Posted on November 26th, 2016

Parking Lot for Parents of Teens

Yes, the preschool did start at 9am. and yes, the parking lot is still filled with parents even though it is 9:25am. The post-drop-off shmooze with its collective sharing of stories, struggles, and wisdom is a rite of passage for preschool parents. How to transition from crib to bed, the best getaway methods at drop-off to avoid the total meltdown, and play date arrangements are all be discussed and that feeling of community is beautifully reinforced.  

However, those little ones eventually grow up and two miles down the road there is no such schmoozing going on in the parking lot of the local high school. Except the issues get a little more complicated with teens: fights around increased demands for freedom, mental health issues, the impact of academic stress, emerging sexuality, and of course the complex world of social media that drives so much of their existence, to name a few. But this laundry list often doesn’t get the benefit of collective wisdom or community. Instead, it is often tackled alone, with feelings of isolation, shame, confusion, and desperation.  

There is no parking lot for parents of teens and so I created the Parking Lot for Parents of Teens. This is a monthly two-hour gathering where the best of our Jewish values serve as the antidote to the common isolation of parents with teens. Each month has a different focus on a relevant issue and the parents themselves often drive the discussion. The evening starts with introductions and a question that often has parents reflect on their own teen years. A relevant Jewish concept is introduced and there may be breakout groups, videos, role plays, anonymous index cards for written responses, and the end of the evening is always wrapped up with the parents reflecting on the value/take-away they got from our metaphorical parking lot.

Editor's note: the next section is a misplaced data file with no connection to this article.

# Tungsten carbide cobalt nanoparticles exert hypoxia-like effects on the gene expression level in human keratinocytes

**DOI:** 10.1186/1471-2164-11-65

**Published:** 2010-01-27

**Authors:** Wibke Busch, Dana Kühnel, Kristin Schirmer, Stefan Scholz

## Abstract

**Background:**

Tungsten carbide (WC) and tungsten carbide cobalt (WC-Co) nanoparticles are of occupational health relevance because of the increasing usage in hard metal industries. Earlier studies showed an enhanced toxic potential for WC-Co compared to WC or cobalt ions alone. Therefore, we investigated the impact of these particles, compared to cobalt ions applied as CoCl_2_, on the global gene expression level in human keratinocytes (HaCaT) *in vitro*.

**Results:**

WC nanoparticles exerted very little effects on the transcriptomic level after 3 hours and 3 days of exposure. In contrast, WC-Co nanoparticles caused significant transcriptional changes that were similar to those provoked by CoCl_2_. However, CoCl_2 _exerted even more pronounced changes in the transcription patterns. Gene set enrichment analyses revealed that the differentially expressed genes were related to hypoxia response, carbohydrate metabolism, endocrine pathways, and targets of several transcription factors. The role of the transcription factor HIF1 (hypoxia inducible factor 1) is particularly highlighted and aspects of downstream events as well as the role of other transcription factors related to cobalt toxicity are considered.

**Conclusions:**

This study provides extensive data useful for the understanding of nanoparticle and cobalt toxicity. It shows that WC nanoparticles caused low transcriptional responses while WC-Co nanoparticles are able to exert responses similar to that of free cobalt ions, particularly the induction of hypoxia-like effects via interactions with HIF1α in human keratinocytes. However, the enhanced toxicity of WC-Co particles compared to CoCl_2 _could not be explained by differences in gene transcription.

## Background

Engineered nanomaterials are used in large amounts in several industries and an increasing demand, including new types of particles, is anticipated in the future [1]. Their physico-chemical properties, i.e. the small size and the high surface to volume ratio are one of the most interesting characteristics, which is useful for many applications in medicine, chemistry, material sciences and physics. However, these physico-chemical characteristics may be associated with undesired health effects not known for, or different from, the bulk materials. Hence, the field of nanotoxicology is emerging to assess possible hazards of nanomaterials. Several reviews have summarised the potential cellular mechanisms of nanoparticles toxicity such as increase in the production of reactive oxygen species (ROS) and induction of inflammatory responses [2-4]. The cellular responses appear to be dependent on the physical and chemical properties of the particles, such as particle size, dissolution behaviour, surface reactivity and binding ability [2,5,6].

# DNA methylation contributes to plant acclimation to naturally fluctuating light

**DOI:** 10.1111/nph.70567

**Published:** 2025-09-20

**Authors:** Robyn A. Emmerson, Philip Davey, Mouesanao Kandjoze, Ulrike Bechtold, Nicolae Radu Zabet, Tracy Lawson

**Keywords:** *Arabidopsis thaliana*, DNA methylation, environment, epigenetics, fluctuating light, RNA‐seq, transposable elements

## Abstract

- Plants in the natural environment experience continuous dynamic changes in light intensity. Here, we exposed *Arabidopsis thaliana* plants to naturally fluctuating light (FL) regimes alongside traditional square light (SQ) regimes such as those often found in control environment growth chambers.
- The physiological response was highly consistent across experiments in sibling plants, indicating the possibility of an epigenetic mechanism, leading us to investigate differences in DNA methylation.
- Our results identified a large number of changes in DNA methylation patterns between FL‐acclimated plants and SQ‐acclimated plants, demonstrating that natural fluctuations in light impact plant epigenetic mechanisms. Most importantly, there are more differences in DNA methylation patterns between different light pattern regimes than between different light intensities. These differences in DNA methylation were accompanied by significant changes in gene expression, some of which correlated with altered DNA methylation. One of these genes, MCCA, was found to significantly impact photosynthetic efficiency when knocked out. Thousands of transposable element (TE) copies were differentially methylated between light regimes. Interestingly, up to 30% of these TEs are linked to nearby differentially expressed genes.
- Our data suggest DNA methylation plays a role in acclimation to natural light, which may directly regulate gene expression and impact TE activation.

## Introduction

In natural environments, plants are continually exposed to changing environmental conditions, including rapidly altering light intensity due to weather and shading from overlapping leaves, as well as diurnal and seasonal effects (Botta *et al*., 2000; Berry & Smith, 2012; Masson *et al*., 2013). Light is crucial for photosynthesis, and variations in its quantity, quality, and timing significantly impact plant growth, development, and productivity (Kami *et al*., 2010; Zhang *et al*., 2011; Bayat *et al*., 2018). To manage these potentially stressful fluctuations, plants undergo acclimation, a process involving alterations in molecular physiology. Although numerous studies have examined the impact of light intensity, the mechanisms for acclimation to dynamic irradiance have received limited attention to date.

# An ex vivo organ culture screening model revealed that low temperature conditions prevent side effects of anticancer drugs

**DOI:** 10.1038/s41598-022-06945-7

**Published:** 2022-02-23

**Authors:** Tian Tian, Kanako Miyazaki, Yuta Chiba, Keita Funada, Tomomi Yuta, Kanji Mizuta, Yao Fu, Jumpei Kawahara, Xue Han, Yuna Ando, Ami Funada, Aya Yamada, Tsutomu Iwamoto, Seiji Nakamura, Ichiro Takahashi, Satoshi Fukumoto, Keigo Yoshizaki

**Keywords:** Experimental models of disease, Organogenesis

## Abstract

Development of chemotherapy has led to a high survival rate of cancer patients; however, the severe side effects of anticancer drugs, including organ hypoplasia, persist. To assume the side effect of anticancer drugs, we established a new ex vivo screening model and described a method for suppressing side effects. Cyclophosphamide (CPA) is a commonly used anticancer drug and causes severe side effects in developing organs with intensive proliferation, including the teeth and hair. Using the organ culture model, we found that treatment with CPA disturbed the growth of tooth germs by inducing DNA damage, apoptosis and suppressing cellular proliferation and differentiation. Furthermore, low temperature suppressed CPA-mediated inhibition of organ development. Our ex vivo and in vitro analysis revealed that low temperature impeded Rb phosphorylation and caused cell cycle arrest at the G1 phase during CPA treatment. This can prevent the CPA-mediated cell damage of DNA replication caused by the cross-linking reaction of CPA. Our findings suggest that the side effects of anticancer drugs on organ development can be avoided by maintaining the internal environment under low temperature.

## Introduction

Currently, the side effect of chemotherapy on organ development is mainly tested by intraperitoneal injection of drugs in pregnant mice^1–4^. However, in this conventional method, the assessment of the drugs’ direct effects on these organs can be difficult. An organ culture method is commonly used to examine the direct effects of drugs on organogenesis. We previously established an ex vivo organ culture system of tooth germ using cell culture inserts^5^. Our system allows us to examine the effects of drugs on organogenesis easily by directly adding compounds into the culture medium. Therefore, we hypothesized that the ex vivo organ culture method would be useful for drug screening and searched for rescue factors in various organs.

I have learned that parents of teens are in need of community, support, spiritual sustenance, connection, and applicable wisdom to help them create intentional relationships with their teens. Our Judaism offers all of these. The Parking Lot for Parents of Teens can happen in any synagogue that has someone in the community who has experience with teens and a passion to learn and help. So park and let the schmoozing begin!

Craig Parks is a senior staff member at Temple Solel in Cardiff-by-the-Sea, California, and is in his 18th year as the Director of Youth Programming as well as a faculty member of Songleader Boot Camp.